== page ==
If you’re interested in improving the quality of your skin, chances are that you may want to undergo a laser resurfacing treatment. Laser resurfacing is a procedure used to treat irregularities in the skin, from wrinkles to scars. Laser resurfacing can also be called laser peel, lasabrasion, or laser vaporization.
There are several types of laser resurfacing treatments, and it helps to know the difference between them in order to make an informed decision about which treatment will be best for your expectations and needs. Below, we’ve put together some information on how to choose a laser resurfacing treatment according to the results that you really desire, as well as what these types of laser resurfacing treatments entail. Read on to learn more, and if you have any questions, don’t be afraid to call or email our office and set up a consultation appointment for more information! (See also: Everything You Wanted to Know About Laser Hair Removal)
What to Know Before You Pick Your Treatment
To begin, laser resurfacing is a procedure designed to reduce skin irregularities, like acne scars and blemishes, as well as facial wrinkles, by using a laser. It improves the overall appearance of skin using short bursts of concentrated light beams at the area to be treated.
Commonly treated skin conditions include aged or sun-damaged skin, sagging or drooping skin, crow’s feet, liver spots, acne and chickenpox scars, warts, fine lines and wrinkles (especially around the mouth, eyes, and forehead), birthmarks like linear epidermal nevi, and enlarged oil glands on the nose. Additionally, skin with grayish or yellowish complexion or non-responsiveness after a facelift may also show improvement. Laser resurfacing is not recommended for patients with very dark skin or active acne, nor is it recommended for use on stretch marks.
While the sensation of laser resurfacing is often compared to that of a rubber band snapping against the skin, these types of procedures may cause some level of pain or discomfort depending on a patient’s pain tolerance, the area being treated, and the type of laser used.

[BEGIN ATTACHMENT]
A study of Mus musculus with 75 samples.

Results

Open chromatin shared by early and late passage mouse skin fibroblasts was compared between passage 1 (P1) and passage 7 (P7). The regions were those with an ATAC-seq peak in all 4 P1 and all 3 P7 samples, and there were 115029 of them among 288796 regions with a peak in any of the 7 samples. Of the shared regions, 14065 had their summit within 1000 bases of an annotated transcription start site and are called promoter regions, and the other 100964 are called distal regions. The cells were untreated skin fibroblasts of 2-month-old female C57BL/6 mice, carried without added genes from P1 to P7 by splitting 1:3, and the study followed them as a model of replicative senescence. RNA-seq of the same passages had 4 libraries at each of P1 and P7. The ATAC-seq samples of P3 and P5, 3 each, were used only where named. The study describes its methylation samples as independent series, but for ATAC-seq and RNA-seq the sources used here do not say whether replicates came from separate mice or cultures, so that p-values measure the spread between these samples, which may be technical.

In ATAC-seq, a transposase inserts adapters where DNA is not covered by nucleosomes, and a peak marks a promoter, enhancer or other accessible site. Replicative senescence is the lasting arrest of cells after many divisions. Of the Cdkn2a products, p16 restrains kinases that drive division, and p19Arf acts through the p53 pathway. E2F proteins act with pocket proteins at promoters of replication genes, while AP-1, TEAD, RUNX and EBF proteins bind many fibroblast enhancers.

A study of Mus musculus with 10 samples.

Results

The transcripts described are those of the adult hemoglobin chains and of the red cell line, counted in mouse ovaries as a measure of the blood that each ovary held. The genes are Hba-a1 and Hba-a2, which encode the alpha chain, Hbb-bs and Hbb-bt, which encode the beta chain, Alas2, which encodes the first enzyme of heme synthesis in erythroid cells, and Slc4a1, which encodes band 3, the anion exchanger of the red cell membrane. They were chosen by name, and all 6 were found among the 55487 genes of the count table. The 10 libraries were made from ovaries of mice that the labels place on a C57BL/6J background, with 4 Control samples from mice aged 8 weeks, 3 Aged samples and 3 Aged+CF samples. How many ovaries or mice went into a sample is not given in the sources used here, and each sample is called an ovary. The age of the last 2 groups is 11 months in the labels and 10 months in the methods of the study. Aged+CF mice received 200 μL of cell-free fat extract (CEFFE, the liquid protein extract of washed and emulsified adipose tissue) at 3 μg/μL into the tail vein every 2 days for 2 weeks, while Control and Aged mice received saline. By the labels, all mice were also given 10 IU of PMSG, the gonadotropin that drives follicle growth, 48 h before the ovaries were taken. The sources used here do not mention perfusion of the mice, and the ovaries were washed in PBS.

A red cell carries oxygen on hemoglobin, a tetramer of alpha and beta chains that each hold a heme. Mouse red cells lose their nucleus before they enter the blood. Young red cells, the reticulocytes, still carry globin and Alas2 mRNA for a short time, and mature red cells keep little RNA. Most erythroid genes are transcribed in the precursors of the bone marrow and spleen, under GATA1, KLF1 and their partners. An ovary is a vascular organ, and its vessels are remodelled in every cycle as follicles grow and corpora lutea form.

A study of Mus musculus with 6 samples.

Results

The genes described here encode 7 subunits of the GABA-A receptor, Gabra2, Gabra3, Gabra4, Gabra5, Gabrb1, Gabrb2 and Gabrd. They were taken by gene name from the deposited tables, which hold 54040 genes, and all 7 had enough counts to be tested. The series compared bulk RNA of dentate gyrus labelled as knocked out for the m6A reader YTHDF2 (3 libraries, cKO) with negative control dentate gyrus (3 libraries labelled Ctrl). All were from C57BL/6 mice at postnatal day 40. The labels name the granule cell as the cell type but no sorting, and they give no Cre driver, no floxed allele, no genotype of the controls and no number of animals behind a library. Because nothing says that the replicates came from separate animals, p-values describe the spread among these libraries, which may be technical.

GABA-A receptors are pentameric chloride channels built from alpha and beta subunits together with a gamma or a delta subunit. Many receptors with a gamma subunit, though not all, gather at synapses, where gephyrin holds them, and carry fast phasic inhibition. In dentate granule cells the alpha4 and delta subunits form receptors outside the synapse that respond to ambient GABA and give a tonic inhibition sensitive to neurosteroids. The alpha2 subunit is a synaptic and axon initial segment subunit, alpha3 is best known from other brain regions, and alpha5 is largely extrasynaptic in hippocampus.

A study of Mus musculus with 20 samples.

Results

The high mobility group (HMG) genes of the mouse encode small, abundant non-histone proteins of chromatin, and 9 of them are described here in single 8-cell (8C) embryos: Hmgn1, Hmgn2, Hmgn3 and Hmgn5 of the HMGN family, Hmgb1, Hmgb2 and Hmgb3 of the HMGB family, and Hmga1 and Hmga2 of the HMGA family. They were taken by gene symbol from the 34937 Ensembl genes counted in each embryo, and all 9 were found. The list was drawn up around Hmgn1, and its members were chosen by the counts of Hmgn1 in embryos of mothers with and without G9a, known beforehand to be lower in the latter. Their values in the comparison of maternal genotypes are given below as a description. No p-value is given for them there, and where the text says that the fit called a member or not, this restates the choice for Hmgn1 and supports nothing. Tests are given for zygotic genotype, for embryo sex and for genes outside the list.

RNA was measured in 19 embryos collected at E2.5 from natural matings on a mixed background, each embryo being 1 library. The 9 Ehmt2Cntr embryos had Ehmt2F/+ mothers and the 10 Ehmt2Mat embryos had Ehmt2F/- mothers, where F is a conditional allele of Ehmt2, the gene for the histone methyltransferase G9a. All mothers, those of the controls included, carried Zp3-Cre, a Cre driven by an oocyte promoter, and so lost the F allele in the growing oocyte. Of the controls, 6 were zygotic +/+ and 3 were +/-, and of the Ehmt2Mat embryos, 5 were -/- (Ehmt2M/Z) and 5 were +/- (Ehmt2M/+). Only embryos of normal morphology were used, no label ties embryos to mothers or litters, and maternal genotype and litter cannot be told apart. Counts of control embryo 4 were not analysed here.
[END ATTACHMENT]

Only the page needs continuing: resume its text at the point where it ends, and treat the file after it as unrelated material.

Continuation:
There are two common types of laser resurfacing treatments: ablative and non-ablative.
Ablative lasers work by removing the irregular skin layer by layer. As the damaged skin is removed, the underlying layer of skin, known as the dermis, is heated to stimulate collagen fiber growth. Once the treated skin heals post-treatment, the new skin underneath is firmer and smoother.
Carbon dioxide (CO2) lasers are an ablative form of laser resurfacing, which means that they penetrate deeper than non-ablative lasers and are used to address deeper skin flaws. As a result, patients may need intravenous sedation or a local anesthetic in order to maintain comfort. Carbon dioxide lasers are used to treat scars, warts, wrinkles, and other skin conditions. Recovery from CO2 laser resurfacing can take up to two weeks, with side effects like swelling, redness, and be bruising.
Erbium lasers can be ablative or non-ablative, and focus on wrinkle and moderately deep line removal—particularly on the face, neck, chest, and hands. Erbium lasers are known to cause fewer side effects than CO2 lasers, with recovery often taking as a little as a week. This treatment is also better suited for patients with darker skin. The treatment is known for promoting collagen remodeling, making them well-suited for patients with aging-related skin concerns.
Non-ablative laser resurfacing treatments use lasers that pass through the skin but do not remove its layers. They are known for causing little to no pain, requiring at most a topical numbing cream. Non-ablative laser treatments include ND: Yag, Alexandrite, and pulsed-dye lasers.
Pulsed-dye lasers are good for heating the skin and reducing pigments in order to reduce redness, rosacea, hyperpigmentation, and broken capillaries.
Fractional lasers, like erbium lasers, can be ablative or non-ablative. Similarly, they are also used primarily to treat age-related skin conditions. They work by employing thousands of small beams in order to treat a small fraction of the skin area, reducing downtime.
Finally, intense pulsed light (IPL) treatments are not technically lasers but are used in a similar manner to treat acne, rosacea, sun damage, and hyperpigmentation.
Potential complications that can arise from any form of laser resurfacing include the aforementioned swelling, bruising, and redness, as well as burning sensations, itching, scarring, infection, pigmentation issues, and bumps due to obstructed sweat glands.
Ultimately, the type of laser resurfacing that you choose will depend on which skin issues you’re most concerned about addressing.
Skin and Vein – Your Trusted Healthcare Experts
As with any medical procedure, you should talk to a healthcare professional before making a decision regarding which laser resurfacing treatment you’re interested in. Our staff members are happy to serve as an informational resource on laser resurfacing and other procedures that we offer. Contact our office and schedule your appointment today!
About The Author:
Jacob Levine is an online blogger for The Skin & Vein Center, one of the leading dermatology and cosmetology centers in the Fenton, Michigan area. Visit our site today!